Planning A Non-Binary Wedding? Here’s How to Do It!

Want to plan an epic non-binary wedding?

Well, here’s how to do it!

We’ll discuss the challenges and solutions to help you create your gender-fluid dream day.

Let’s get started!

How to Plan a Non-binary Wedding and Its Challenges

When someone mentions the word “wedding,” many people think of a bride and groom walking down the aisle.

Well, I think that’s a very subjective way of thinking, considering that the world isn’t just made up of straight cisgender people.

However, in this article, I will share with you some tips to plan a non-binary wedding and how to tackle its challenges. 

Let me remind you of something you already know. If you don’t fit in the male-female binary, you may face some obstacles when planning your wedding.

Don’t get me wrong; I’m not trying to scare you, and I certainly don’t think that it’s right.

It’s just the harsh, depressing reality of today’s world. We’re making great progress in changing it, but we still have a long fight ahead of us.

So, if you belong to the nonbinary, gender-queer, gender-fluid, agender community you need to think outside the box to be able to break from stereotypes and organize a marriage of your choice. 

Non-specific Gender Terminology for Nonbinary Wedding

The first thing to do when planning a non-binary or queer wedding is to choose gender-neutral terms.

It’s a bit easy to use gender-inclusive language in most cases.

For instance, instead of using “Husband” or “wife,” you can use spouse for married couples. Also, you could use “spouse-to-be” or “betrothed” for fiance and fiancee in describing an engaged person.

Again, “bride” and “groom” are two terms people find challenging to replace with gender-neutral wedding terms.

However, you can discuss with whoever is planning your wedding and the officiants so that you can come up with terms to use throughout your wedding celebration.

Furthermore, instead of using “You may kiss the bride,” you can simply use, “you may now kiss,” or “and now, seal your commitment with a kiss.”

Using the appropriate inclusive wedding language terminology may be challenging.

But it makes your entire non-binary wedding beautiful and more personal to you.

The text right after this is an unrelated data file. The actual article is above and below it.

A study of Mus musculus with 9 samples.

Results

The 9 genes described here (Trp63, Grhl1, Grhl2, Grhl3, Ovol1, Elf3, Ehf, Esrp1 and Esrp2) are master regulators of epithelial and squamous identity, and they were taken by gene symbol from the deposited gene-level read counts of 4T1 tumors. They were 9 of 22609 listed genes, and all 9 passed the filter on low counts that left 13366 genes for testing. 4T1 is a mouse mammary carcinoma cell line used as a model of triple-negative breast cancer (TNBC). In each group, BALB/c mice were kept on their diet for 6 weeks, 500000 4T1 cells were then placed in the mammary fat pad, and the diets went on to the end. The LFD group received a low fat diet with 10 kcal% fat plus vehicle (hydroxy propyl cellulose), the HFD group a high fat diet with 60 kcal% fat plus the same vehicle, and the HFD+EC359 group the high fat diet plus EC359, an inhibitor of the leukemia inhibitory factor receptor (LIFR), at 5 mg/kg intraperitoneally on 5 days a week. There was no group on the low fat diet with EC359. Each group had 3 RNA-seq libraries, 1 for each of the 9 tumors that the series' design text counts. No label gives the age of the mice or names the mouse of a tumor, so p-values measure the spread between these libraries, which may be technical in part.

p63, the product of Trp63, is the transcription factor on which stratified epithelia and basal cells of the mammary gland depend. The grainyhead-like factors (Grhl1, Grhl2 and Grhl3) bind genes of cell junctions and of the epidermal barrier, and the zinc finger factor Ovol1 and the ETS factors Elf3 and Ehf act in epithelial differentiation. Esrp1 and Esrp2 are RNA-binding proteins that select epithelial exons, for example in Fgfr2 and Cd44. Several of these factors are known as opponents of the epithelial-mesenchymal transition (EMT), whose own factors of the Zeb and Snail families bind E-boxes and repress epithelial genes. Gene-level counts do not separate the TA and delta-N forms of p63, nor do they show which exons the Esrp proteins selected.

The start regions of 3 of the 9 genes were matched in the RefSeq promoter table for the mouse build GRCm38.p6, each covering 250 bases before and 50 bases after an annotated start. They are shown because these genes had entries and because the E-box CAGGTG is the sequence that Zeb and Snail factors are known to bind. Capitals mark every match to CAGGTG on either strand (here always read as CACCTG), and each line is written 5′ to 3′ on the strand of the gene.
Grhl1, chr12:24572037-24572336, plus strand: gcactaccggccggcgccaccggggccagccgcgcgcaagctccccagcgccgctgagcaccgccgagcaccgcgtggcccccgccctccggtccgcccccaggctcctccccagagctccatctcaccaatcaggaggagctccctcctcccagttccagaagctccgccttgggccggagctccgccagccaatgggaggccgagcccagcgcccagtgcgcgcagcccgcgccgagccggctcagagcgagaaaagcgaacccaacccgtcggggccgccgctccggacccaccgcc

Choose Wedding Attire

Who walks down the aisle in a gay wedding? Short answer- who ever wants to! Read on for the longer answer & some tips to make you both happy.

Choosing non-binary wedding attire is perhaps the easiest part of planning your day!

Repeat these words- “It’s my wedding, I’ll wear whatever I want!”

Whether that’s a dress, a suit, a tux with tails, or jeans and a t-shirt, you and your betrothed alone decide what attire is right for you. soft butch

Whichever way you decide to dress for your wedding, there’s always a perfect attire for you.

But you may face unique challenges if you want to locate a particular formal wedding dress.

Even though designers advertise that they have unisex or gender-neutral clothing, they often end up offering either masculine or feminine style attire better suited for traditional weddings.

However, if your designers can think outside the gender binaries box, they will come up with the perfect middle ground for your non-binary wedding.

Finding the right vendors

One of the greatest challenges of planning a non-binary wedding is finding vendors in the wedding industry who ally with the LGBTQ+ community.

While some states have laws prohibiting discrimination against LGBT and Queer couples, others don’t.

Even in places where it’s against the law, do you really want someone who isn’t passionate about giving you the best day possible planning any aspect of your wedding?

From cake bakers to right down to the florist, choose people with a genuine interest in making your day special. LGBTQ-friendly wedding photographers are also of utmost importance.

Unless, of course, you want to use your big day as a chance to take a stand. That’s fine, if you do!

If not, though, you’re better off asking friends and family to recommend vendors that are happy to contribute to a wedding of non-heterosexual couples.

When planning a same-sex wedding, always anticipate the challenges and pressure.

But know that the wedding belongs to you and your spouse. So, don’t try to please anybody other than yourselves.

Discuss with your partner how you want the wedding to be, the attire to wear, your wedding venue, and every additional detail. With this, you will have an exceptional non-binary wedding party you fantasize about.

Lastly, you don’t need to rush anything. Otherwise, you will end up making mistakes.

Carry out extensive research, vet your vendors, and give yourself enough time to plan your attire and every little detail.

Have you ever planned a non-binary wedding? Share any other tips you have below!